Search Pinterest for “extrovert” and you’ll be greeted with dozens of memes, quotes and pictures describing a character of endless energy. She’s the life of the party, surrounded by friends, who never wants to rest and can fill any silence with an abundance of noise.

    But ask any real-life extrovert if that’s her modus operandi, and you’ll get a much different picture.

    Most extroverted girls are nothing like the Pinterest extreme. The confidence and smooth conversation that so often characterize outgoing women come with a set of insecurities. Whether you’re an extrovert reading this or an introvert seeking to understand your vivacious friends a little more, here are five secret fears of the extrovert you might never guess were there.

      

    1. The fear of being “too much”

    Behind the confident exterior, many extroverted girls fear coming on too strong. To compensate for this fear, they actually become MORE outgoing, sometimes using humor as a cover. To those watching, their conversation seems effortless. But after the party is over and everyone goes home, she’s second-guessing half of what she said.

    Was I intimidating?

    Did I come on too strong?

    Should I have held back?

    Particularly when Christian culture emphasizes a “gentle and quiet spirit,” the extroverted woman can feel out of place and like her personality is “wrong.”

      

    2. The fear of alienating someone

    Linked to the fear of being too much for people is an extrovert’s deep fear of alienating someone. Extroverts tend to have a lot of friends, though only a few of those make the inner circle. Part of the reason they have so many friends is because extroverts don’t want people to feel unwelcome. They don’t want to alienate anyone, so they work hard to include as many people as they can. Unfortunately, this is physically impossible.

    For me (the resident extrovert in this article), my desire to include everyone came from my own experience. Excluded by cliquey girls in high school, I wanted to do everything I could to prevent others from feeling what I felt. While this is a great goal, it’s not feasibly possible with everyone we meet. This fear must be given to the Lord and the people we want included be entrusted to Him.

       

    3. The fear of being disliked

    Extroverts tend toward people pleasing. We want to be liked, especially since we gain energy from the people around us. Nobody wants to hang out with people who don’t like them!

    This fear can drive extroverts to work even harder for popular approval through humor, kindness or achievement. We have to be careful not to let this fear become a driving force or idol in our lives. The approval of man is passing and temporary, and living for it only leads to pain. Live for the approval of God, and everything else falls into place.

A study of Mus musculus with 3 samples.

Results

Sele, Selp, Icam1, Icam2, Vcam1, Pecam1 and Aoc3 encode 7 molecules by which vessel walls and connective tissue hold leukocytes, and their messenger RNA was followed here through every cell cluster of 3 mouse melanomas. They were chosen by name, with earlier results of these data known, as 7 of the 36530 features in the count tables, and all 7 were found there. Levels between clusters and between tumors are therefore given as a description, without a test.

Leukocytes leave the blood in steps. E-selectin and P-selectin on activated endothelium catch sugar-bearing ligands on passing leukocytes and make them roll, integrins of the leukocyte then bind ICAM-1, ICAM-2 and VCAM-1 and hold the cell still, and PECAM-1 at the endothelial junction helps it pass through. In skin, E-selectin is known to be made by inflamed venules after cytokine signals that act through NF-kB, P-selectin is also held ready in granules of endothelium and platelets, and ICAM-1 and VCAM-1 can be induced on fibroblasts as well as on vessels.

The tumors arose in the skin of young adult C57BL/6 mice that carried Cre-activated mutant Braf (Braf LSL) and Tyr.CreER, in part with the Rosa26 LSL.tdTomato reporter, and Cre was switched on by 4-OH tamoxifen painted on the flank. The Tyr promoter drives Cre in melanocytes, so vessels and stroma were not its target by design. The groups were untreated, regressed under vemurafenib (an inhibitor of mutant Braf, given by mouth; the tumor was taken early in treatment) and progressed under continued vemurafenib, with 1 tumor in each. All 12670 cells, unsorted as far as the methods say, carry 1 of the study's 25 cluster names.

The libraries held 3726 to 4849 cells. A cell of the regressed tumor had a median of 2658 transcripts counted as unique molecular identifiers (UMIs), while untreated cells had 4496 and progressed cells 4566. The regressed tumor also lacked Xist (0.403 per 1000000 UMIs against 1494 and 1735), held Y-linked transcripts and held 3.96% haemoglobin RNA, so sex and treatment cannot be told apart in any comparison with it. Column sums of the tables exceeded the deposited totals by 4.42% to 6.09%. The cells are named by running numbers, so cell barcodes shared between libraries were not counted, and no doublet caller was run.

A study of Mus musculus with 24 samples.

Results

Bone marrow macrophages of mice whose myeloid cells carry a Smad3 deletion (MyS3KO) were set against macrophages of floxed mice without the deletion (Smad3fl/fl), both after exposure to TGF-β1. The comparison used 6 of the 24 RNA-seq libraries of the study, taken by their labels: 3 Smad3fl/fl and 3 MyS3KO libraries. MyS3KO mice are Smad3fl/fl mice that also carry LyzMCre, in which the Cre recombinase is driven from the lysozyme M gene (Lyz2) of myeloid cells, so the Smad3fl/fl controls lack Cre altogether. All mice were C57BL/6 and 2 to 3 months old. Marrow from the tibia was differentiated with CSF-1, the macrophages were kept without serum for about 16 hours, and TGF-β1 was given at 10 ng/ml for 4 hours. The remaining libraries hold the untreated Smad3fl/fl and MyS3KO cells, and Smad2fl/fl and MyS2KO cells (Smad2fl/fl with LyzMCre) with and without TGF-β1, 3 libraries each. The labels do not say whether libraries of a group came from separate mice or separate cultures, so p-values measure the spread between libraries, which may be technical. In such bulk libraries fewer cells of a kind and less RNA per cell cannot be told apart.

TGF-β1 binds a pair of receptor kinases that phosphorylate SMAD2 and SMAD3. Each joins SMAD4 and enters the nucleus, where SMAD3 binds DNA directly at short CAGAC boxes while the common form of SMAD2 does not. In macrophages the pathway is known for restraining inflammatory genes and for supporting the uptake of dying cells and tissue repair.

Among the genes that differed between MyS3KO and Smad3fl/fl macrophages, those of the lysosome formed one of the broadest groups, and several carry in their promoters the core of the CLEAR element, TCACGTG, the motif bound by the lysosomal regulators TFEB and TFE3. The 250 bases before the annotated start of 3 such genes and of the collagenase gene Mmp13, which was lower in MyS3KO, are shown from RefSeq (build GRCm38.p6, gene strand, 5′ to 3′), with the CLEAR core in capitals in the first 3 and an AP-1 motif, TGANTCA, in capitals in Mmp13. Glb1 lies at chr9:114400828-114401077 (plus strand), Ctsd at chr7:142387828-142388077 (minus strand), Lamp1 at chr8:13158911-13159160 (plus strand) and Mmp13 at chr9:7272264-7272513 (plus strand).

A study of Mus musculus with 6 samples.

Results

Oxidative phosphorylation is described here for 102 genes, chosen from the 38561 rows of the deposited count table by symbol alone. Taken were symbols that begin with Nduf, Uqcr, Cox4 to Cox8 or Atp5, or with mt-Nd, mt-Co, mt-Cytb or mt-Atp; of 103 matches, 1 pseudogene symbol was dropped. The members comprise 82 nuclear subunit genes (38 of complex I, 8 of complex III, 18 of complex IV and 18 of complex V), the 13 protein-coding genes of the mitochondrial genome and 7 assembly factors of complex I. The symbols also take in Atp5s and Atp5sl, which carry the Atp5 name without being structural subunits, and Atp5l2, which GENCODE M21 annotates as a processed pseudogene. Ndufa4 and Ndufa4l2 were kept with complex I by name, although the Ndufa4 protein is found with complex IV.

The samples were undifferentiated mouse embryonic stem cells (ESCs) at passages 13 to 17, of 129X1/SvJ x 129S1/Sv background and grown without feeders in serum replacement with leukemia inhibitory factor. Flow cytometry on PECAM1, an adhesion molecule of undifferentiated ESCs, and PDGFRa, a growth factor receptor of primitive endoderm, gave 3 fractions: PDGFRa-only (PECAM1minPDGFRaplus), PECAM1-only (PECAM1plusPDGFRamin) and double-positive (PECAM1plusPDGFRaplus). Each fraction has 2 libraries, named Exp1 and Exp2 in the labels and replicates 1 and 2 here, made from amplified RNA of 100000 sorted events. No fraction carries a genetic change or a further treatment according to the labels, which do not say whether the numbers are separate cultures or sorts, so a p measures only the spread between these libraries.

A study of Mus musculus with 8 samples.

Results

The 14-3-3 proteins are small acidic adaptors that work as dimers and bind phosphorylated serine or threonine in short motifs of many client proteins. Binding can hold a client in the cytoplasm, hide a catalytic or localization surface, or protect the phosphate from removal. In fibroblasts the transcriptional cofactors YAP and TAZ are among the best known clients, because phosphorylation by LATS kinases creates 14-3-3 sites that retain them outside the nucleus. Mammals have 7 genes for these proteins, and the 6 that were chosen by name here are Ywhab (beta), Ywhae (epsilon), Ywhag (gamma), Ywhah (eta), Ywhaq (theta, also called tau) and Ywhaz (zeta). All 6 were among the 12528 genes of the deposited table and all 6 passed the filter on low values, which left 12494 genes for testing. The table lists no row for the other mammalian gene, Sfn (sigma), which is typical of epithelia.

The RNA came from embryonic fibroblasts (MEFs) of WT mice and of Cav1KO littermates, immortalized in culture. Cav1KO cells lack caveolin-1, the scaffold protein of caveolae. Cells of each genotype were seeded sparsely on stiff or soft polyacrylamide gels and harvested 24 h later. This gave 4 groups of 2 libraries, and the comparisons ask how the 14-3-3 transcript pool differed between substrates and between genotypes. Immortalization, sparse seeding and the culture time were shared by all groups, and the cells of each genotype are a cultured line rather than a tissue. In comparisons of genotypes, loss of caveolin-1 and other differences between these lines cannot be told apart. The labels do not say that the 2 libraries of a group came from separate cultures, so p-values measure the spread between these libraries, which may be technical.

4. The fear of saying the wrong thing

    This may come as a surprise since most extroverts are at no loss for words. Yet many of us fear making a dumb comment, asking a silly question or muffing a compliment. Because we want so badly to be liked, we fear saying something that might compromise our likeability.

    Once again, this comes back to insecurity and committing popular approval to the Lord. Our greatest fears can be overcome by His strength when we allow Him to lead us!

      

    5. The fear of loneliness

    Last but not least: Extroverts fear loneliness. Extroverts can actually be extremely lonely, even when surrounded by friends. Since we tend to attract people with humor and light conversation, it can feel like we are incredibly misunderstood for the deep people we are (cultural references to extroverts as “party animals” don’t help). It’s important for extroverts to cultivate a few deep, godly relationships to help stave off the loneliness that pervades a life full of shallow friendships.

    Fear is not of God. His perfect love casts out fear! So while we may battle these fears in our own lives, we should take a daily step of faith by committing them to the Lord and letting Him transform us into women of confidence in every way—not just what people see.

    Phylicia Masonheimer
    Phylicia Masonheimerhttps://phyliciamasonheimer.com/
    Phylicia Masonheimer is an author and speaker teaching women how to discern what is true, discuss the deep stuff, and accomplish God's will for their specific lives. She holds a B.S. in Religion from Liberty University, where she met her husband, Josh, and now lives in northern Michigan with her two daughters, Adeline and Geneva.